Proper Ergonomic Seating: How Do You Measure Up?

Ergonomic seating can be a real health issue. People who have to sit down at work for long periods, particularly in busy work environments, can be put at risk of serious injury by poor ergonomics.

The basic ergonomic problem with seating is support, but it's also a matter of providing good support while in active movement. This is one of the hard to learn elements of ergonomics. You may feel perfectly supported at rest, sitting in a chair, and be off balance the moment you start work.

What happens is that your center of gravity shifts. That puts extra weight on the active parts of your body. Your spine, joints and muscles have to react to the change in balance.

When you're working hard, ergonomics may not be what's on your mind. One of the great ergonomic risks in the workplace is that all that physical effort can do some damage, and you're not even aware of it until after it's done. You need to set yourself up properly before you start doing anything.

Check your chair

A chair in good condition is required for good ergonomics.

Do not use chairs which have these faults:

  • The seat base moves from side to side when you sit in it.
  • The back is unstable or off center.
  • Arm rests are loose.
  • You have to keep rebalancing yourself when moving.
  • The seat support seems to move around.
  • Casters or chair legs are loose.
  • The seat cushions are uneven.

Finding the right measures:

Chair height:

Start with the height of your chair. Your feet should rest comfortably on the floor. Do not raise the chair to the extent your feet are dangling. You can't balance yourself properly in that situation.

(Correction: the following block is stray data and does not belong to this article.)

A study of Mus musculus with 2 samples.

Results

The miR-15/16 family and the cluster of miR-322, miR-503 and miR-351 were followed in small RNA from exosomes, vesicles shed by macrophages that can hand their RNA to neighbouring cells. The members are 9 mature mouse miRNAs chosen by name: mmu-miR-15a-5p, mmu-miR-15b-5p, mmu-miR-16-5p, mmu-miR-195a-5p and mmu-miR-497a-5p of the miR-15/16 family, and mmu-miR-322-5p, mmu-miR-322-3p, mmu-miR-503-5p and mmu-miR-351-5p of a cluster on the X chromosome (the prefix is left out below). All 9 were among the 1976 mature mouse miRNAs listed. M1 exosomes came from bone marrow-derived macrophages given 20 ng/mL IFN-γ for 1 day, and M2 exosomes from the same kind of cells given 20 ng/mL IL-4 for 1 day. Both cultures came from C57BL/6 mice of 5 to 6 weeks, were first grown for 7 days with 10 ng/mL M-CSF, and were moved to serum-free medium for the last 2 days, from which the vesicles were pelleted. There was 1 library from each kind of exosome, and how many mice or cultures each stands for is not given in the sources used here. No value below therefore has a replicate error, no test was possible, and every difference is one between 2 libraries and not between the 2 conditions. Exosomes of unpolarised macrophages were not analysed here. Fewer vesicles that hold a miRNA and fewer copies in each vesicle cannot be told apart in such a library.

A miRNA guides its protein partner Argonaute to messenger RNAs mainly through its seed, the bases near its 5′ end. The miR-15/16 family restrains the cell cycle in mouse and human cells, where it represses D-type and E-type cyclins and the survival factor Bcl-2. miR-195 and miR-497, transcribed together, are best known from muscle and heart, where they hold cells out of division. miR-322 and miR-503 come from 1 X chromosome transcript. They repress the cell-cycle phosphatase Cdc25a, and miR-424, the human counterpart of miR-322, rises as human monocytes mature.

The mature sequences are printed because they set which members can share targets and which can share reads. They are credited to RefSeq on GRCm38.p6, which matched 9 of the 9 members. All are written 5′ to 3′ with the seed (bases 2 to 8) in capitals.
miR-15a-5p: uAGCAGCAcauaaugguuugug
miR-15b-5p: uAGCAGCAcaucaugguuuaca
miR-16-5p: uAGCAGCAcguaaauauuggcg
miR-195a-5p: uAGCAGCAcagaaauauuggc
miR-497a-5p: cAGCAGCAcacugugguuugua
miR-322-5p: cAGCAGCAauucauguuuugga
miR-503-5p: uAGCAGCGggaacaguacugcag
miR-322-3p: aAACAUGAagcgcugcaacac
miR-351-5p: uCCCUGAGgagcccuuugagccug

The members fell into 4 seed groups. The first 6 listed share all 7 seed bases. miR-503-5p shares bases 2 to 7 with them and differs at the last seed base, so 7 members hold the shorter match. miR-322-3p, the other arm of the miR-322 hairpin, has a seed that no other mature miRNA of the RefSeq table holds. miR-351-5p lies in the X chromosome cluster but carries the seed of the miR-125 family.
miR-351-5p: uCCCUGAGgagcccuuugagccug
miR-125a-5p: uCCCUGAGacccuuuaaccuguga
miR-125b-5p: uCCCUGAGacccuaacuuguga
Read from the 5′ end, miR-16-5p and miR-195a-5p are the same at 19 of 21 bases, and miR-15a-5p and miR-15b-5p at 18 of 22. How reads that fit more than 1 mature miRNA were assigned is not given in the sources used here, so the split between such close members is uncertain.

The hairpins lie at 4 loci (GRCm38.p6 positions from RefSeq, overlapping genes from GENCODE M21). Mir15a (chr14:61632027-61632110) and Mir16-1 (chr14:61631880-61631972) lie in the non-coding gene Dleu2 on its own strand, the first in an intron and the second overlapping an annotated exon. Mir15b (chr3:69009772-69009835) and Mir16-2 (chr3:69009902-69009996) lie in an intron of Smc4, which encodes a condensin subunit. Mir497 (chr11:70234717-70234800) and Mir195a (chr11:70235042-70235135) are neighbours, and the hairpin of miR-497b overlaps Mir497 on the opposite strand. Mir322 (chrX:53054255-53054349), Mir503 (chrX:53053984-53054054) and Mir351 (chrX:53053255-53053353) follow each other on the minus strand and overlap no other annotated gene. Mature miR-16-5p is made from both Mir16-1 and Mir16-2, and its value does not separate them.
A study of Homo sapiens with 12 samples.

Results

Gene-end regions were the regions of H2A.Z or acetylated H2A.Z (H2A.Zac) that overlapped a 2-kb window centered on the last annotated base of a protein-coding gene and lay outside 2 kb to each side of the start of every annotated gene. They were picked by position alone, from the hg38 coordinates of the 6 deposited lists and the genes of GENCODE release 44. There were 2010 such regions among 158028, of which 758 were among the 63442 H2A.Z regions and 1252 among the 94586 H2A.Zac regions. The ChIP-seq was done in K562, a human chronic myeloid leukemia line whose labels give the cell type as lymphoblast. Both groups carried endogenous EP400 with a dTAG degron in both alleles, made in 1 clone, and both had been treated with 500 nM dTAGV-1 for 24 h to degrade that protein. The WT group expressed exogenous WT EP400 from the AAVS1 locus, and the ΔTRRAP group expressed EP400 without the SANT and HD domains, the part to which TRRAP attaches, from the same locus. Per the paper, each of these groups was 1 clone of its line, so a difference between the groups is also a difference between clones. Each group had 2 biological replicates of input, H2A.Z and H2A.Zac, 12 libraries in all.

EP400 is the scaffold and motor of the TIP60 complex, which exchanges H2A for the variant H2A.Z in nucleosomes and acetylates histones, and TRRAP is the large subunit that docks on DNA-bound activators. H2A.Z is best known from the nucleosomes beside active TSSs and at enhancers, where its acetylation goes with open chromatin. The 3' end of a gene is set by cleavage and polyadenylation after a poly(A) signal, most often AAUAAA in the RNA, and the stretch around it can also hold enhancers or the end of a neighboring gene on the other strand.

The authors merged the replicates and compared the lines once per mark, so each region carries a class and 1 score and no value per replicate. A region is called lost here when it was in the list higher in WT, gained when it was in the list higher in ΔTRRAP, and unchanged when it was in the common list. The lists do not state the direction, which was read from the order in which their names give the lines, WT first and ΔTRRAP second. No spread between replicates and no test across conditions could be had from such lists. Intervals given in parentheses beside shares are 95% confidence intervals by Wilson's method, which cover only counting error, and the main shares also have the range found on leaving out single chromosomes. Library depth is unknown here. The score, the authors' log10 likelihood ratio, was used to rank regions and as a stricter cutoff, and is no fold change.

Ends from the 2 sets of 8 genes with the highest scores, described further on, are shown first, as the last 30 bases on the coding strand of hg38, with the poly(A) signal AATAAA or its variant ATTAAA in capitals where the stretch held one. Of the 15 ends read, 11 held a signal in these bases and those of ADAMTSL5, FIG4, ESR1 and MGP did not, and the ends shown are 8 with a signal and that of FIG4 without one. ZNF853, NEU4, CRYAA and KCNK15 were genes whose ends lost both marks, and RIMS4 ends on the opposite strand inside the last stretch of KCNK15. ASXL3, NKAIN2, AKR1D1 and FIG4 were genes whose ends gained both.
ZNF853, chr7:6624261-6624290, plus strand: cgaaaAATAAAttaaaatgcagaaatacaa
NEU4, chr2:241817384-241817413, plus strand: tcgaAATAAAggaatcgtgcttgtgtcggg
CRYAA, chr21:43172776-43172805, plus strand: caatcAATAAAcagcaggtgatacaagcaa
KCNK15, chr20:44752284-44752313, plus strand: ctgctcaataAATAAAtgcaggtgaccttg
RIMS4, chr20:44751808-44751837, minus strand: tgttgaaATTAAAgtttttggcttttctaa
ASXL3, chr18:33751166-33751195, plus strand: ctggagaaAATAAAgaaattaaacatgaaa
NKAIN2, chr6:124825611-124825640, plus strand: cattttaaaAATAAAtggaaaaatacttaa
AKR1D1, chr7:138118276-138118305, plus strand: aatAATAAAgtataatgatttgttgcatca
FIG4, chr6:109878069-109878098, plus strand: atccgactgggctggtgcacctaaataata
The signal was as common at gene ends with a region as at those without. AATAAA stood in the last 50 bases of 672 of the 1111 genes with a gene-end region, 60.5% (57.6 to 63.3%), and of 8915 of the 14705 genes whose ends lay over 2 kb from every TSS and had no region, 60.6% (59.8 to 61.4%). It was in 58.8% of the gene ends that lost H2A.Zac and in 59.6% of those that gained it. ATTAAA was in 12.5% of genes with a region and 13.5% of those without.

The backrest should be supportive, but not intrusive. It shouldn't be forcing you to lean forward or interfering with natural movement. If you can't adjust the backrest so it's providing passive support, get an ergonomic back support cushion. The cushion should be in good condition, and provide a comfortable, firm, support which is consistent and doesn't require constant adjustment during use.

Chair position:

A big issue in ergonomics is reach around the workstation from the chair position. You should be close enough to reach everything comfortably, without unusual movements, shifting balance, or strain. This is particularly important regarding any equipment you use regularly, like computer keypads. The classic cause of Repetitive Strain Injury is a piece of equipment like a keypad or cash register, where you're doing a lot of rapid movement, and in the wrong ergonomic position.

Proof is required

A chair may feel OK after being set up, but the only real certainty is to test it in a work situation.

  • Do 15 minutes of normal work, at normal speed.
  • Stop work, get out of the chair, and do a mild stretch of arms and legs.


  1. Any aches, particularly in the back and shoulders?
  2. Sore feet? Were you rebalancing with your feet a lot?
  3. Wrist pressure? Did you find yourself resting on your elbows or wrists, particularly when using a keyboard?
  4. Neck issues? Slightly stiff, or reacting to the work?
  5. Did you notice any unusual movements required to do your work?

Any of these symptoms mean some more adjustment is required. You should be able to work normally, and get up from your chair without experiencing discomfort of any kind.

Important: Even with good ergonomic setups, remember to take your ergonomic break of 5 minutes per hour. Stretch, relax, and refresh.